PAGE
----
All Over A Nickel

February 5, 2011 at 1:10 pm (Cussed Dumbers)

He looked about my age, but it was hard to tell. Squinty, leathery from the sun, he reminded me of what Papa Smurf would look like if he’d stolen Gandalf’s beard. He looked at our upscale selection. “No 24-ounce Mickey’s?”

“Nope, sorry. Across the street.” I pointed to the land of Four Loko and Steel Reserve.

“Gimme a book of matches.” I looked at him. It was not a request.

“Five cents.” If we give matches away, bums return every two hours for a refill.

“Pfft!” He threw a quarter onto the counter. I rang up a nickel and handed him the change and matches. He reached over the counter and ripped all but one receipt off the printer.

I gave him a dirty look for invading my personal space, and handed him the receipt that applied to him. “Might as well get the right one.” I gave it an extra serving of snark.

He dropped the other receipts on the floor, called me a “fat fuck” and headed for the door.

“YOU CAN PICK THOSE UP NOW!” I went around the counter, ready to assist Hobo Joe on his way out. (Teach him to fly, as Art puts it.) He went to the edge of the door, standing just outside. I toed the line just inside the door. Fuckin’ security cameras.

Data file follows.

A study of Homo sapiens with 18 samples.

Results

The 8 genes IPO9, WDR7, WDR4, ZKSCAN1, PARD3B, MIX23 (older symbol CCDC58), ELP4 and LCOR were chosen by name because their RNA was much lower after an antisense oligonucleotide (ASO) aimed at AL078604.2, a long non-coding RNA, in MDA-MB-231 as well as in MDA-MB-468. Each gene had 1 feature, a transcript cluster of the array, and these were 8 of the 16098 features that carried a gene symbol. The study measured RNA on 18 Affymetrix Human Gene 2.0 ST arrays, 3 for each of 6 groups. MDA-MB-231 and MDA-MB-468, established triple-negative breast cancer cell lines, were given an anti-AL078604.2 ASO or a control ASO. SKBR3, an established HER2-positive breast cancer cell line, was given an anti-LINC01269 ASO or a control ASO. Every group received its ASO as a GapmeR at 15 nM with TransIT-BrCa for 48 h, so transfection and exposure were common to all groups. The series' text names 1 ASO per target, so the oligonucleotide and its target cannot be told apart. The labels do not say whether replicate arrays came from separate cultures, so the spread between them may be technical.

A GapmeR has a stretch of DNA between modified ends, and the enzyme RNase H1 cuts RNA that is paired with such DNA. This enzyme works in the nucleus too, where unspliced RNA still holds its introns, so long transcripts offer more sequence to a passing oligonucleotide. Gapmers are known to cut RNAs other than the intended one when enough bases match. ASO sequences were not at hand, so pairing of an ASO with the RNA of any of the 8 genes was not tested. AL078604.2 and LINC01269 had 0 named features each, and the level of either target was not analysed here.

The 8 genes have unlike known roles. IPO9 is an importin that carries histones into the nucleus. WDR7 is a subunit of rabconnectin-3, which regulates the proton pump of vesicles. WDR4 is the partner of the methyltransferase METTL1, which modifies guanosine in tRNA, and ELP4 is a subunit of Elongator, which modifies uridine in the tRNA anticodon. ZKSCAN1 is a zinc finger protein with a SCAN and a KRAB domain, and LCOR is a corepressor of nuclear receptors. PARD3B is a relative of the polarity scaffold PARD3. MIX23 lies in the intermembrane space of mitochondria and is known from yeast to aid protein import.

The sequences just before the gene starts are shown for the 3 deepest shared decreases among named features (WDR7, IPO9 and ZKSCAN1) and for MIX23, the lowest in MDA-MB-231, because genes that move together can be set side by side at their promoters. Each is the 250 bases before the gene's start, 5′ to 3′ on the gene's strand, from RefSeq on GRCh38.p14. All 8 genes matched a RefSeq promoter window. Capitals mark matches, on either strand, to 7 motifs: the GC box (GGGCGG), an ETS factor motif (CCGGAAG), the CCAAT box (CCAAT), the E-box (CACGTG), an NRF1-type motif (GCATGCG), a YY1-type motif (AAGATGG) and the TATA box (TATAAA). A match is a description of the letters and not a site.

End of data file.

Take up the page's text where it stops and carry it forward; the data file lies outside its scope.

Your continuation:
“Look fatty, you got some man-tittles! Want me to pinch ’em for ya?”

“You’d like that, wouldn’t ya? Sorry, these are reserved for lesbians!” I couldn’t think of anything wittier than that, and the absurdity of the moment was beginning to overtake me.

He volleyed another insult or two as he began to light a cigarette. We were standing close enough that I knew he’d blow smoke in my face, so I countered by blowing out the match.

“Sonofabitch!” He threw the match at my face.

“Don’t forget your receipt!” I pelted him with the wad of paper I’d picked up off the floor.

“Run away, ya fat bastard!”

“Get away from the store, you crab-infested cocksucker!”

Time to grow up; I turned and went back to my work station. A handful of customers were staring slack-jawed.

“Sorry you had to see that, guys and gals.”

A regular scratch-off player entered the store, “Did I miss something?”

“Just two old men in a pissing contest, Irene.”

“OH, ONE MORE THING! AM I ALLOWED TO SAY THIS?” Papa Smurf stuck his arm in and flipped me the bird one more time, for good measure.

“Freedom of speech, brother!” I looked at my customers, and we all busted out laughing. If I ever see Papa Smurf in a less aggressive mood, I will attempt to start anew.

I don’t know about him, but I got my nickel’s worth.